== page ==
Titled Americans, 1890: A list of American ladies who have married foreigners of rank

5.0 1
by Chauncey M Depew
 


Overview

Perfect for all Downton Abbey fans, this is the 1890 book behind the marriage of Lord and Lady Grantham. In an age when securing a prudent match was all-important for both sexes, Titled Americans offered a glance guide to recent high society marriages and a list of eligible bachelors who were still on the lookout for love. It explores and explains the trend for well-heeled European gents selecting American wives, discusses the relative merits of attaching oneself to an American or an English girl (Â??the American girl comes along, prettier than her English sister, dazzling and audacious, and she is a revelation to the EnglishmanÂ??), and examines in detail the various titled families of Europe. Included to "arouse the ambition of the American girlÂ??, there is a list of unmarried English Peers, making this a fantastic glimpse of the stately homes, relative fortunes and social lives of the glamorous English and American upper-classes at the turn of the century.

Product Details

ISBN-13:
9781783660056
Publisher:
Bloomsbury USA
Publication date:
10/20/2013
Series:
Old House
Sold by:
Barnes & Noble
Format:
NOOK Book
Pages:
280
Sales rank:
798,694
File size:
8 MB

Read an Excerpt

Selected excerpts from the Introduction:

It has been estimated that 454 American heiresses married European aristocrats in the late nineteenth-century, and thus acquired, at considerable  expense, hereditary titles of nobility. 136 bagged Earls or Counts, 42 married princes, 17 married dukes, 19 married viscounts, 33 married marquises, and there are 46 wives of baronets and knights, and 64 baronesses.
         
People were indeed curious about such fairy-tale marriages. In the last two or three decades of the nineteenth-century, there had been an explosion of press interest in the doings of the wealthy.

The most astringent view of these golden marriages came from those who assumed that there were financial transactions and substantial dowries behind such marriages. One estimate suggested that as much as $50,000,000 might have accompanied the American brides as they sailed across the Atlantic for their new lives in the  decayed and impoverished estates of the great aristocratic families. Other estimates put the total financial cost of the transatlantic marriages at a significantly higher figure.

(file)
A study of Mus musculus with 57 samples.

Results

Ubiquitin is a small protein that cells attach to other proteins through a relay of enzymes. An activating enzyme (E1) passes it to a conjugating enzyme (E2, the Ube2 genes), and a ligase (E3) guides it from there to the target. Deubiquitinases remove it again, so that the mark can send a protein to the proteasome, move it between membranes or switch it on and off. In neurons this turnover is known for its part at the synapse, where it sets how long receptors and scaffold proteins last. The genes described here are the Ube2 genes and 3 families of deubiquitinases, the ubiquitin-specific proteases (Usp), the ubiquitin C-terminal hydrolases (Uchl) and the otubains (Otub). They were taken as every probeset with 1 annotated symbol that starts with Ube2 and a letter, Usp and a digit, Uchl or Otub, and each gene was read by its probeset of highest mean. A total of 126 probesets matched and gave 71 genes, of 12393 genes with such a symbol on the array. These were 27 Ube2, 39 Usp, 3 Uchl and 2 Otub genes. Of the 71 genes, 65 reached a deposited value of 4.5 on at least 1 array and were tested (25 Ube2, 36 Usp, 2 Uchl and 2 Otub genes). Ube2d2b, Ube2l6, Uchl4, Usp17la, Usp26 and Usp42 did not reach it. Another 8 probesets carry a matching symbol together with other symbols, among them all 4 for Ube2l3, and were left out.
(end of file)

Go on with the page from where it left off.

And when everything was settled, it was time to bring in the lawyers for a “long and legal and messy” consideration of the settlement, especially taking into account the different legal frameworks which applied to the property of married women in the United States (where a bride retained her property and wealth) and Great Britain (where husbands assumed unrestricted control over the wealth and property of the women they married). There was much to negotiate. And when the families’ objections seemed interminable, it was sometimes necessary to force their hands.

Behind the simple lists of aristocratic marriages in Titled Americans there is a world of complexity, scandal, family problems and financial and legal concerns. There was sufficient drama in such marriages to keep society gossips happy.

Anonymous More than 1 year ago
I woke up in a dark room. There were 2 other people in the room. One of them was blue, the other, was a black guy. We were all wearing black clothes. There were 5 beds. There was a table with 3 sets of clothes on it. One was all blue. One was a blue t-shirt and jeans. The last one was what i usually wear: a hoodie, jeans and sneakers. I put on my clothing. I decided to inspect the blue guy. "Is he a hedgehog?" I whispered to myself. Suddenly the blue guy disapeared in a flash of blue. "What the heck?" I said before i saw te blue guy staring at me looking angry. "I'll give you 20 seconds to apolagize or youll be sorry." The guy said.